Barrister specialising in prison law, inquests and public inquiries, immigration and asylum

Who? Christian Weaver, a barrister specialising in prison law, inquests and public inquiries, immigration and asylum at Garden Court North Chambers.

Why is he in the news? He has published his debut book, The Law in 60 Seconds: A Pocket Guide to the Law, which has received widespread praise from the legal community.

What motivated you to write the book? ‘This came from realising the grave extent to which the general public did not know their everyday rights. I had been recording short videos on YouTube (under a series also entitled “The Law in 60 Seconds”) to inform people of their rights. The book was simply intended to assist those I knew with their general day-to-day legal queries. As the channel grew, strangers would send me messages requesting guidance on deeply private legal matters. It troubled me that there wasn’t an easily accessible resource they could turn to for guidance. I started drafting The Law in 60 Seconds: A Pocket Guide to Your Rights in the hope it could serve as such a resource. The hope is that it can assist on the small issues – such as whether you are within your rights to push for a refund when you’ve been told you must accept an exchange note by “James” at customer services, but also on the more serious issues, or those you might feel uncomfortable searching via an internet browser, such as the legal protections existing if you are in a domestically violent relationship or the law on the sending of explicit images to your partner.’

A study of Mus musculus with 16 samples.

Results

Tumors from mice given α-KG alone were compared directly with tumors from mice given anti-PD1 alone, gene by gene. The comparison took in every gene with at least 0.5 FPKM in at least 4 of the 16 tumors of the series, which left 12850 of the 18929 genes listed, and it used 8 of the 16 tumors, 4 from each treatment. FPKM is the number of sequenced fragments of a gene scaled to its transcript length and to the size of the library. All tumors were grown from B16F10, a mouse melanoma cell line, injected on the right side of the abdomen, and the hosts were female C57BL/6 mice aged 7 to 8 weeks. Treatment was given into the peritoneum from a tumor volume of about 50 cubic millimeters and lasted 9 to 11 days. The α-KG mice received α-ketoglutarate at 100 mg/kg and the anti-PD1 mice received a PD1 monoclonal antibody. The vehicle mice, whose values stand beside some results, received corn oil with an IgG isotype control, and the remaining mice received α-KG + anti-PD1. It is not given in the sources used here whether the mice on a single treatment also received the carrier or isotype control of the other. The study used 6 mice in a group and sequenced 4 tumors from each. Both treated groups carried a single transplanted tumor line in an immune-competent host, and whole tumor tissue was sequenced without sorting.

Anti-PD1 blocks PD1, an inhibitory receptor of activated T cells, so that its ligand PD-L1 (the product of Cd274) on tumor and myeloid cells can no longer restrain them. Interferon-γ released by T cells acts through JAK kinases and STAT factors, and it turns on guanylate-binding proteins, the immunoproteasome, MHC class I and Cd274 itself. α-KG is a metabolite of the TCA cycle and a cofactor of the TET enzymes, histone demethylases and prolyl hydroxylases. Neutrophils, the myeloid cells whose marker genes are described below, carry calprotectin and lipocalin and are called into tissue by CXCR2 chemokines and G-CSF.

Dealing with the media: ‘It has been pleasing seeing the media interest and also the warmth with which the book has been received by legal professionals and the public. I truly believe the book can help change lives – even if simply by giving readers the confidence to claim what is rightfully theirs. My “The Law in 60 Seconds” YouTube series showed me the depth of the knowledge void in terms of the public knowing their rights. It would be remiss of me not to acknowledge the marketing team at Profile Books for their hard work, too. Their belief in the book has definitely led to interest that might otherwise not have come about.’

Why become a lawyer? ‘As my knowledge of the law grew during university, my interest became less about just “being a lawyer” and more about working in a capacity enabling me to assist those not holding the balance of power in society. Working as a barrister at a chambers committed to publicly funded work and human rights thus felt a natural fit. The fact that barristers are self-employed and that each day is a little different to the previous one also attracted me.’

Career high: ‘The publication of this book. My core ambition is to support those suffering due to power imbalances.’